Manufacturers must play their part in protecting items from theft, a Home Office minister has said as he noted security devices on all-terrain vehicles (ATVs), such as quad bikes, had fallen behind other advances.

Speaking in Parliament, Lord Sharpe of Epsom stressed prevention was the most effective way to crack down on criminals snatching the transport, which is vital to the work of farmers.

The Tory frontbencher made his comments as he backed the Equipment Theft (Prevention) Bill, following its introduction in the House of Lords.


It would also allow ministers to extend the legislation to other equipment designed for use in agricultural or commercial settings, such as construction.

An estimated 900 to 1,200 quad bikes and ATVs are stolen in England and Wales each year.

Costing up to £20,000 each the value of thefts reported to NFU Mutual in 2021 was more than £2m.

Lord Sharpe told peers: “The theft of agricultural machinery and in particular all-terrain vehicles is of great concern.

“The Government recognises the significant impact these thefts have on individuals and businesses and understand the distress and disruption when property is stolen.

“The theft of an agricultural vehicle from a farmer can cause severe disruption to essential cultivation work, risk to animal welfare and put livelihoods on the line.

“It is therefore essential to ensure they are adequately protected.”

He added: “The Government expects manufacturers to play their part in protecting items from theft.

“Despite significant technological advances made across the ATV market the inclusion of basic security features on machines has been much slower.

“So fitting immobilisers and forensic markings as standards is inexpensive and readily available.

“The cost of fitting an immobiliser and forensically marking a machine is estimated to be under £200.

“The cost is far outweighed by the benefit of reducing disruption caused by the theft.

“Increased policing is not the only answer.

“Prevention is by far the most effective means of reducing these thefts and this Bill proposes simple action to achieve that.”

Lord Sharpe added: “The Government does expect to see a real decrease in the theft of ATVs as a result of the measures in this Bill.”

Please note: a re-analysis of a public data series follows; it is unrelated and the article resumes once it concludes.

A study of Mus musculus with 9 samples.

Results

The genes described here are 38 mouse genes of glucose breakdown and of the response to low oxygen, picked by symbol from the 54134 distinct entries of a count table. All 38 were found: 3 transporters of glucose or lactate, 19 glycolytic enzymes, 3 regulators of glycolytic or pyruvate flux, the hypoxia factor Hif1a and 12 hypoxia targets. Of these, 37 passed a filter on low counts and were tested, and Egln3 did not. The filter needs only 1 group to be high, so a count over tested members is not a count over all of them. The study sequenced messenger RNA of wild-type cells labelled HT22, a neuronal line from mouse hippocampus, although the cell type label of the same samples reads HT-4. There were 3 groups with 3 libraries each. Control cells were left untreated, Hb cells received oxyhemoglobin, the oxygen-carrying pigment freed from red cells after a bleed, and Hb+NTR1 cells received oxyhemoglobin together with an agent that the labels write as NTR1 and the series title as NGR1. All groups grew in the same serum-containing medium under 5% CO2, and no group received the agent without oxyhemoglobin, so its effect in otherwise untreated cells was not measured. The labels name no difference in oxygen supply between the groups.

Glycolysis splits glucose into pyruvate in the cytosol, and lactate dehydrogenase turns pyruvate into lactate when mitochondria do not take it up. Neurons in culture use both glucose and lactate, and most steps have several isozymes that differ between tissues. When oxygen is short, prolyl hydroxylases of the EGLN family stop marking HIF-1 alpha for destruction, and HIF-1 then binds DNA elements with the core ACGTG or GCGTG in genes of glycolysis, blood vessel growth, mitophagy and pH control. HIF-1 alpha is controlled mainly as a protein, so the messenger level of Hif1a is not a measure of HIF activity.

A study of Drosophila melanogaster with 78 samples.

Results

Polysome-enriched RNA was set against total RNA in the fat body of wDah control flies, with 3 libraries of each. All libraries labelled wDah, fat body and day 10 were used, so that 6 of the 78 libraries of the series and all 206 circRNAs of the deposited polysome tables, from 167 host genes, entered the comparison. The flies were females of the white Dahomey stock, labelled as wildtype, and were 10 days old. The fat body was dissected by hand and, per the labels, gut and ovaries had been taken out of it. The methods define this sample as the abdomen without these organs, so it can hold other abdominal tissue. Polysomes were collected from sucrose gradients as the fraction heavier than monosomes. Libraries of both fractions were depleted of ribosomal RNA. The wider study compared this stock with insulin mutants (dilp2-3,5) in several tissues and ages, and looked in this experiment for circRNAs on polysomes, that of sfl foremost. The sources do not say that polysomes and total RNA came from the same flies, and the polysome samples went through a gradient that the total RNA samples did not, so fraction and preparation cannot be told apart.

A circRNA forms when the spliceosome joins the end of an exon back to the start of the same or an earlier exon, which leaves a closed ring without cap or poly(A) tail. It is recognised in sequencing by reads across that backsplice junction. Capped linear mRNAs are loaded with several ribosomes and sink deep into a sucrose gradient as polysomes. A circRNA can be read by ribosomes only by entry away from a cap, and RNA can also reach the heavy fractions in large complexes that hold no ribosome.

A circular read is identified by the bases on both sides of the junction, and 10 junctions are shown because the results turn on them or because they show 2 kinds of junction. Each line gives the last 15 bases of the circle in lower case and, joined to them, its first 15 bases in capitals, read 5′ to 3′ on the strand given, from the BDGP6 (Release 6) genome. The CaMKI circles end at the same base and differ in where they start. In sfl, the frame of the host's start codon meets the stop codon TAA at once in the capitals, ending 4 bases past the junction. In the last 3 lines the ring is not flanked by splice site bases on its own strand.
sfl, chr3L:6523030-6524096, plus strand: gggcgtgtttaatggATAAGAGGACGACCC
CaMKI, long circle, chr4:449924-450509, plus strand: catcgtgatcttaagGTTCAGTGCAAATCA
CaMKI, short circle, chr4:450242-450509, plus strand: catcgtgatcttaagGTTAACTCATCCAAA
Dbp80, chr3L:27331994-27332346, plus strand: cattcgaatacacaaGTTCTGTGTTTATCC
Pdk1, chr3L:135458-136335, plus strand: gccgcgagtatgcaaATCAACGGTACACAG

Conservative former Home Office minister Lord Blencathra, who is taking draft legislation through the upper chamber, said: “This Bill will make it harder to steal equipment in the first place, but equally importantly make it harder to resell stolen equipment.”

He told the Lords: “Let the message go out to a minority of manufacturers that their sales strategy of selling equipment which can be easily stolen so they can sell replacements over and over again are coming to an end.”

Lord Blencathra added: “Preventing crime is a duty of all of us and can’t just be left to the police.

“Where industry is not pulling its weight voluntarily by fitting immobilisers and doing forensic marking then legislation is unfortunately necessary.”

Tory peer Lord Wasserman, a former policing adviser to the then prime minister David Cameron, said: “I strongly believe that the provisions of this Bill would make the work of our police forces very much easier and very much more effective and for that reason would make the lives of those who live and work in our rural communities very significantly safer.


“In short, this Bill will make all of us more safer.”

Backing the Bill, Liberal Democrat Baroness Bakewell of Hardington Mandeville said: “Theft of ATVs and other farming equipment happens on a fairly regular basis and can have a devastating financial effect on the small farms often found in rural areas.

“Theft of any sort affects the victims.

“If that theft affects the way in which the victim carries out their activities that provide their livelihood this raises the crime much higher up the scale.

“This Bill whilst not being a panacea for all rural crimes would certainly help towards addressing some of the issues farmers face.”

Also giving her support, Labour frontbencher Baroness Twycross said: “It presents a much-needed opportunity to reduce rural crime.”

The Bill received an unopposed second reading and now goes forward for further scrutiny by peers.